TOM GJELTEN, BYLINE: You might think alarm bells would be sounding in Washington, given the North Korean warnings: war is coming, foreign embassies should be evacuated. But when they talk about North Korea, U.S. officials are sounding like an exasperated parent responding to a child's tantrum. At the White House yesterday, spokesman Jay Carney said the United States would not be surprised if North Korea actually carries out a missile test.
JAY CARNEY: We have seen them launch missiles in the past, and the United Nations Security Council has repeatedly condemned them as violations of the North's obligations under numerous Security Council resolutions, and it would fit their current pattern of bellicose, unhelpful and unconstructive rhetoric and actions.
GJELTEN: If the North Koreans do launch a missile, the United States would have to decide whether or not to shoot it down. On the eve of a launch in 2006, then-Defense Secretary Donald Rumsfeld said U.S. forces would do so only if the missile was headed toward U.S. territory. But after the North Koreans shelled a South Korean military base in 2010, U.S. and South Korean leaders resolved to respond more aggressively to such incidents in the future. They drew up what they called a counter-provocation plan, and this year they knew the plan might be put to a test. The United States and South Korea stage joint military exercises every year around this time and North Korea always gets upset.
This year, there's a new leader in the North determined to make an impression. So the United States and South Korea decided it was important to signal their readiness to respond to hostile action and the exercises included an especially dramatic show of force, including stealth bombers. The reaction from the North has been especially aggressive. General Walter Sharp, until last year the commander of U.S. forces in Korea, says the whole sequence of events shows how challenging it is to deal with all the demands and the contingencies and the risks on the Korean peninsula.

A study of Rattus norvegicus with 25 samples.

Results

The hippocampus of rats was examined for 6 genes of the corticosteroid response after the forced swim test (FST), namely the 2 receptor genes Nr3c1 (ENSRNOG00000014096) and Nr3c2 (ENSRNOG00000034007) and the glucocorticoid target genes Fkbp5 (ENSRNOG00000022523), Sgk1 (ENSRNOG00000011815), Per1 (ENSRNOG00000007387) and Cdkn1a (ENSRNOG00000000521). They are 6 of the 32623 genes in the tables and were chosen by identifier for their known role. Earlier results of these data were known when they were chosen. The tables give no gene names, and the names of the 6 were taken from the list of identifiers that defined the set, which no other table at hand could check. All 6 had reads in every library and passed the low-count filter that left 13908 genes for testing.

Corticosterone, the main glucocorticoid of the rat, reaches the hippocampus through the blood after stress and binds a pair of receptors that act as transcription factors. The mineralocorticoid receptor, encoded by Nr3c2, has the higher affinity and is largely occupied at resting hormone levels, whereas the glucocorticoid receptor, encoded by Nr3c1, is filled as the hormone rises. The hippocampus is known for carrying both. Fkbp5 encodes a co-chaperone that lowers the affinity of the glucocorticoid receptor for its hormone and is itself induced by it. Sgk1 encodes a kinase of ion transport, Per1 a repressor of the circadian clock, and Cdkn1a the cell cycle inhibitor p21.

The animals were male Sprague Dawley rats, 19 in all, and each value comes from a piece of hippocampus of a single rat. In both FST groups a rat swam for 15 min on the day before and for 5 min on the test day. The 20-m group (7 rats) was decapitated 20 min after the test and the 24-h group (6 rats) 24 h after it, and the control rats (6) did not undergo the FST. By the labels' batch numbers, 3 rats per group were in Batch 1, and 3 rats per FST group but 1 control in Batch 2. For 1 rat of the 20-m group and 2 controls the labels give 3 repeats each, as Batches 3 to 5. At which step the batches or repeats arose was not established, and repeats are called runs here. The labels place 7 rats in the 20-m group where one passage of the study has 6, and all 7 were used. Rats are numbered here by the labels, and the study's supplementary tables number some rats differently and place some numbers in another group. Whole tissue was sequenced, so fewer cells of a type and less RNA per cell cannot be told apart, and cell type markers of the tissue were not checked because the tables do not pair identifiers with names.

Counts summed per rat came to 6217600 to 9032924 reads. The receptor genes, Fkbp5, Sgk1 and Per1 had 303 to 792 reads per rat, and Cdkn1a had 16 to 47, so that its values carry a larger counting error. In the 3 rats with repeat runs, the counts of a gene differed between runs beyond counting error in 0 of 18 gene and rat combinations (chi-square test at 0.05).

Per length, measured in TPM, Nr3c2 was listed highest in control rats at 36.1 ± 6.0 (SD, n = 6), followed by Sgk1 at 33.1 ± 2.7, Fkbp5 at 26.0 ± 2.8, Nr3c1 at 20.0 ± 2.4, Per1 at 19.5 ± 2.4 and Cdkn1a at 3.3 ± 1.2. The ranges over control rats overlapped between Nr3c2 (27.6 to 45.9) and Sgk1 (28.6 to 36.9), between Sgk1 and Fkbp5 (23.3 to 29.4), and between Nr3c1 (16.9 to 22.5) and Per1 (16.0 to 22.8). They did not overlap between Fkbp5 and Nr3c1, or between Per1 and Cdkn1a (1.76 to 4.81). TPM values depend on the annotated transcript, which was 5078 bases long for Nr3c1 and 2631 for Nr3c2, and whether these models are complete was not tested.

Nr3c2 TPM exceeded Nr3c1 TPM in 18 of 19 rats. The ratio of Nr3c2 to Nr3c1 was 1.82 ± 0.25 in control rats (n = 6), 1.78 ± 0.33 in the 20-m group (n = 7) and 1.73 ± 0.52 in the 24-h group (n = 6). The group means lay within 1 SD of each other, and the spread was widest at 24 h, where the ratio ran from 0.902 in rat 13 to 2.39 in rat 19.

GENERAL WALTER SHARP: That's why there's been a lot of effort over, you know, two and a half years now to build this counter-provocation plan because that's a hard balance of: a strong response, don't escalate.
GJELTEN: But be prepared to go to war. U.S. officials, say the counter-provocation plan and the U.S. show of force send three separate messages: the South Koreans see the U.S. military is standing behind them; the North Koreans find out what they'd face were they to start something; and China sees how high the stakes are and why it may need to rein North Korea in. Here's how the U.S. and South Koreans would react if the North Koreans launched even a limited artillery strike against the south, like what they did in 2010. Instantly, General Sharp says, South Korean troops would fire back.
SHARP: I mean, that is immediate. I mean, literally, as artillery's coming in on you, you want artillery going back to try to take out what's taking you out.
GJELTEN: The idea here: self-defense. If North Korea were then to escalate, Presidents Obama in Washington and Park Geun-hye in the Republic of Korea would decide how to respond.
SHARP: There are options that people have worked and thought through that could very quickly be brought to President Park and President Obama to say, OK, here's what happening, here's what we're seeing and the rest of North Korea, you know, are they coming up on war footing or not type of thing. Here's some options for what you could do.
GJELTEN: That's the escalation scenario, and it leads to all-out war. So, now that the show of force and resolve signals have been sent, it's time for another message: that war should be avoided. Here's State Department spokesman Victoria Nuland, reassuring Americans by reading a statement from the U.S. embassy in the Republic of Korea.
VICTORIA NULAND: We have no specific information to suggest an imminent threat to U.S. citizens or facilities in the ROK. So, the goal there was to be calming, obviously.
GJELTEN: That message to calm down, coming at what seems like an especially dangerous moment, was likely meant to be heard on all sides. A month's worth of messages tailored for an unstable corner of the world. Tom Gjelten, NPR News, Washington.